Posted on 05. Mar, 2012 by in Iowa Football


Greg Davis (right) was formally introduced as Iowa's offensive coordinator during a press conference held on Monday, March 5, 2012, at the Hayden Fry Football Complex in Iowa City.

By Brendan Stiles

IOWA CITY, Iowa — Seven days after being named Iowa’s new offensive coordinator, Greg Davis finally got the opportunity on Monday to publicly discuss his new role after a year away from football. Davis, who was Texas’ offensive coordinator for 13 years, took over for the departed Ken O’Keefe, who left to become the new wide receivers coach of the Miami Dolphins.

Coincidentally, the connection between Davis and head coach Kirk Ferentz was the man who snagged O’Keefe away from Iowa — Dolphins head coach Joe Philbin. Davis was being considered by Philbin as a possibility to join his staff in Miami, but that never materialized. When the vacancy at Iowa arose however, Davis reached out to Ferentz and conversations began to pick up.

While Davis wasn’t offered on the spot, it became clear Ferentz had enough interest in him that he wanted Davis to make a return trip to Iowa City following the coaches’ annual Hawkeye Cruise held the week prior to Davis officially being named offensive coordinator.

Because Davis’ hire was classified as an emergency hiring by the UI, Iowa athletics director Gary Barta said Davis is basically serving an interim role for now and would have to eventually re-apply for the position.

But the long-term future isn’t of immediate concern to Davis, who made clear his only concern in the present was to help lay a foundation during the spring so he and the rest of the staff can identify who can step up and make plays for the offense.

“We want to remain physical,” Davis said. “We want to continue to be able to run the football. At the same time, we’re going to be in some ball games where we are going to have to throw the ball and we want to be proficient enough.

“Our definition of balance is being able to win the game either way.”

Davis will also take over O’Keefe’s other duty as quarterbacks coach, meaning he’ll be working extensively with senior-to-be quarterback James Vandenberg. After being able to watch all the game film from Iowa’s 2011 season, Davis came away impressed with his new signal-caller, not only for what he can do through the air, but with his ability to improvise and be able to run with the football when need be.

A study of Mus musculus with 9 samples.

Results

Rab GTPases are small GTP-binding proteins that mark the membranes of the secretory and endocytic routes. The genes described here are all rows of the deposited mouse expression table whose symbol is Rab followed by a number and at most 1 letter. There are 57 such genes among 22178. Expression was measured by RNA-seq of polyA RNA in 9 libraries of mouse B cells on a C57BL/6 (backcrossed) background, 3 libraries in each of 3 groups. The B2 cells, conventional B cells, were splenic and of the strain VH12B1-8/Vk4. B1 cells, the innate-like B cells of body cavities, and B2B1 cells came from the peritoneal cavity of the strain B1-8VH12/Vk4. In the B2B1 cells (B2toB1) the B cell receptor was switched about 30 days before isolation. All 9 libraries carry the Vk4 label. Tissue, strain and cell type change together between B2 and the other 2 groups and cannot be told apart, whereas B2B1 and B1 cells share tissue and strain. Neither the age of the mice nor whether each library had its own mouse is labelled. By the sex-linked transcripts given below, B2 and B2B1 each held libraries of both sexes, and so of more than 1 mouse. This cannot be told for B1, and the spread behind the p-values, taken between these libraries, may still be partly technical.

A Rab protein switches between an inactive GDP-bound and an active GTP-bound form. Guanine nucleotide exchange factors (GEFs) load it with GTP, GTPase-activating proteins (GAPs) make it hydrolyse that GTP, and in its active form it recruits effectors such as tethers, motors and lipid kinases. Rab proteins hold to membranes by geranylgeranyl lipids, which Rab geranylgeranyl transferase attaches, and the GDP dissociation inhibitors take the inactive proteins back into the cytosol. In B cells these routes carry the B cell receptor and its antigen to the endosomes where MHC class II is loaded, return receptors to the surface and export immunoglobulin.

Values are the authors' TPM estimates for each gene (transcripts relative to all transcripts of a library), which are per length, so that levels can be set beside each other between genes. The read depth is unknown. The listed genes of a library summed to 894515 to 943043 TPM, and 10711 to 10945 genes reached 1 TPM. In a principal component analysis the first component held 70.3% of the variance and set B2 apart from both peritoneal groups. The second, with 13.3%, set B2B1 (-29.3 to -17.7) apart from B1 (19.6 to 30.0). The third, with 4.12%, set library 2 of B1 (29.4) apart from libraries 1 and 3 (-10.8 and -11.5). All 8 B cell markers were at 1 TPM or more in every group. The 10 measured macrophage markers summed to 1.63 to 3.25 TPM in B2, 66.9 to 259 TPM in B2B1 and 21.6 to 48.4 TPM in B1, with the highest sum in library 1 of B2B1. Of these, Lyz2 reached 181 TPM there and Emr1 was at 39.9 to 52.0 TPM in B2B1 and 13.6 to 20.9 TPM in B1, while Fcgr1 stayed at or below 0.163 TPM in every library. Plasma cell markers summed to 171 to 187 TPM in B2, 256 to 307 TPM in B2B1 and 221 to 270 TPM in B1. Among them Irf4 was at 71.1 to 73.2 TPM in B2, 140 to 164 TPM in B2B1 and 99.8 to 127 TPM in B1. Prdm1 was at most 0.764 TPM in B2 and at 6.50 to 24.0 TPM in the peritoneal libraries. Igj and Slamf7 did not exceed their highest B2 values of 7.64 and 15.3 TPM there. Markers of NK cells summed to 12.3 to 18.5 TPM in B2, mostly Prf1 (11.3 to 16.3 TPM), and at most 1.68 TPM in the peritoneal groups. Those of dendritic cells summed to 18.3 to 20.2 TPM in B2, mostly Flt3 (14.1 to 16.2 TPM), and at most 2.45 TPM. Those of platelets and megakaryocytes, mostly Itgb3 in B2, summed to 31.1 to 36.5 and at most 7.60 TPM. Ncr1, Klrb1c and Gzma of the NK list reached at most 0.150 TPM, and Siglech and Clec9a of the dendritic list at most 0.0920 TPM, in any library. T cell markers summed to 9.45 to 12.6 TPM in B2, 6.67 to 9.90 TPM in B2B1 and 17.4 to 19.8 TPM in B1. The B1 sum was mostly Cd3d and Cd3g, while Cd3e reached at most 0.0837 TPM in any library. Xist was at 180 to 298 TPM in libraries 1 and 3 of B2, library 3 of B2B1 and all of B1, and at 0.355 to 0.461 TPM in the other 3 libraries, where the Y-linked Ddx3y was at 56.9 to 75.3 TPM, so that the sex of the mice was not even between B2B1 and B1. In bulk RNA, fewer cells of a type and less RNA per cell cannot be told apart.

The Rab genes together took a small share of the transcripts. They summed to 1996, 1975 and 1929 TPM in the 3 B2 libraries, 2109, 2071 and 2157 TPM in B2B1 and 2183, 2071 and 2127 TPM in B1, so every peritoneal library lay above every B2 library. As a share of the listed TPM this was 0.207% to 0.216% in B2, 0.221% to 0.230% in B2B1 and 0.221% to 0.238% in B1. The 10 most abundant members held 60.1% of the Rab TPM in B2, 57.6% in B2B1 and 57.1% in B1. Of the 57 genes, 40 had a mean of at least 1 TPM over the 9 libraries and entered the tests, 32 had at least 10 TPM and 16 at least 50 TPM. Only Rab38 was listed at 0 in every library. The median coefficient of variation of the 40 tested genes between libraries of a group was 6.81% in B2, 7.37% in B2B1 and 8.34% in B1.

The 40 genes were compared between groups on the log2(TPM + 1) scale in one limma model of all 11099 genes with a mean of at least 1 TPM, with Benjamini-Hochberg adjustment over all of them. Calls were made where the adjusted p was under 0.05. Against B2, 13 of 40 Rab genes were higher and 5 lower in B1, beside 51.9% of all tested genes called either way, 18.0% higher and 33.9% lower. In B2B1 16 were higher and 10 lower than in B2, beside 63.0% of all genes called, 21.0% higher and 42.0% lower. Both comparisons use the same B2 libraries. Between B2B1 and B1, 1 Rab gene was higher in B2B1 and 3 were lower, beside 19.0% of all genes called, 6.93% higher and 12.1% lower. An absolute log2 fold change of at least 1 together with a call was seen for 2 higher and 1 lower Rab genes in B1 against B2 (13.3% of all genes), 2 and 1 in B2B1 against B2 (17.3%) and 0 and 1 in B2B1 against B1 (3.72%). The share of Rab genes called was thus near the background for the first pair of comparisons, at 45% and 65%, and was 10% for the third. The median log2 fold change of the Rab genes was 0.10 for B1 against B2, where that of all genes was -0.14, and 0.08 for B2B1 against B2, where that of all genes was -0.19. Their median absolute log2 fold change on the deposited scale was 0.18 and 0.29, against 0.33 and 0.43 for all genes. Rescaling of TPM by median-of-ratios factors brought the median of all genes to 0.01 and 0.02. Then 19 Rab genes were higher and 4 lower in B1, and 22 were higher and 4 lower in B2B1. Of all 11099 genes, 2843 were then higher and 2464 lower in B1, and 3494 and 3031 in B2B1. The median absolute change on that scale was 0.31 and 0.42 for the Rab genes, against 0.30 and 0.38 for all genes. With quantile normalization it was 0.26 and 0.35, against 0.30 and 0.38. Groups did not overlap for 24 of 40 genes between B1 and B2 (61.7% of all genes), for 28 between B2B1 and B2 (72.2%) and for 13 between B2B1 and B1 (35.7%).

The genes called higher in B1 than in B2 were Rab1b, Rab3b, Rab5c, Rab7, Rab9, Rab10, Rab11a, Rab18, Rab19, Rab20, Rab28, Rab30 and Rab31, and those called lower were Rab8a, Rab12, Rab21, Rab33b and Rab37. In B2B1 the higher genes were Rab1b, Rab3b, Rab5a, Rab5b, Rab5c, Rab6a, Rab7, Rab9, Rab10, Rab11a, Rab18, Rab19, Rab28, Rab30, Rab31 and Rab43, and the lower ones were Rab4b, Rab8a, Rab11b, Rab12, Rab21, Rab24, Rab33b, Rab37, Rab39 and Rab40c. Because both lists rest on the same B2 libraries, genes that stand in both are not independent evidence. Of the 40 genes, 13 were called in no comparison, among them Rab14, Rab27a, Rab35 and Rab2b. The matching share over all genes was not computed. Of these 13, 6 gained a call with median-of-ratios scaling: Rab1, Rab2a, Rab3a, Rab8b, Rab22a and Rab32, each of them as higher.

“James Vandenberg is an outstanding player. I think everybody agrees with that,” Davis said. “I’m excited about being able to work with him.”

One major point of emphasis made by both Davis and Ferentz on Monday was that of flexibility. Davis reflected back on the number of times he had to adapt his play-calling at Texas in order to utilize talents of those such as former Longhorn quarterbacks Vince Young and Colt McCoy and former running back Ricky Williams, who won the Heisman Trophy during Davis’ first season at Texas in 1998.

“He’s an outstanding teacher,” Ferentz said. “This came across from everybody I visited with and I think equally a big part of teaching is being flexible in your thinking.

“No matter where you’re coaching, it’s all about doing what’s best for the players that you have on your roster.”

The differences between Davis and his predecessor make up a short list. But one key difference is Davis will call plays and work from the press box as opposed to operating from the sidelines as O’Keefe did during his tenure at Iowa

“I’ve worked from the boundary before and you’re just removed,” Davis said. “It almost is like a video game in that you’re not hearing all the collisions and all that and you can lay out all your charts and your information and that kind of stuff.

“That’s the reason I like working from up there.”

As far as actual play-calling is concerned, Davis said he wants to implement the best of both worlds — what worked for him at Texas, along with what has worked for Iowa in the 13 years Ferentz has been head coach. He mentioned no-huddle and tempo being discussed along with the zone blocking scheme the Hawkeyes have been known for.

“From the very first time Kirk and I started talking, it was about blending philosophy, about blending the way we call things and creating something that was 2012,” Davis said. “That’s what we are trying to do.”

TRANSCRIPT: Ferentz/Davis transcript (March 5, 2012) (Courtesy: UI Sports Info.)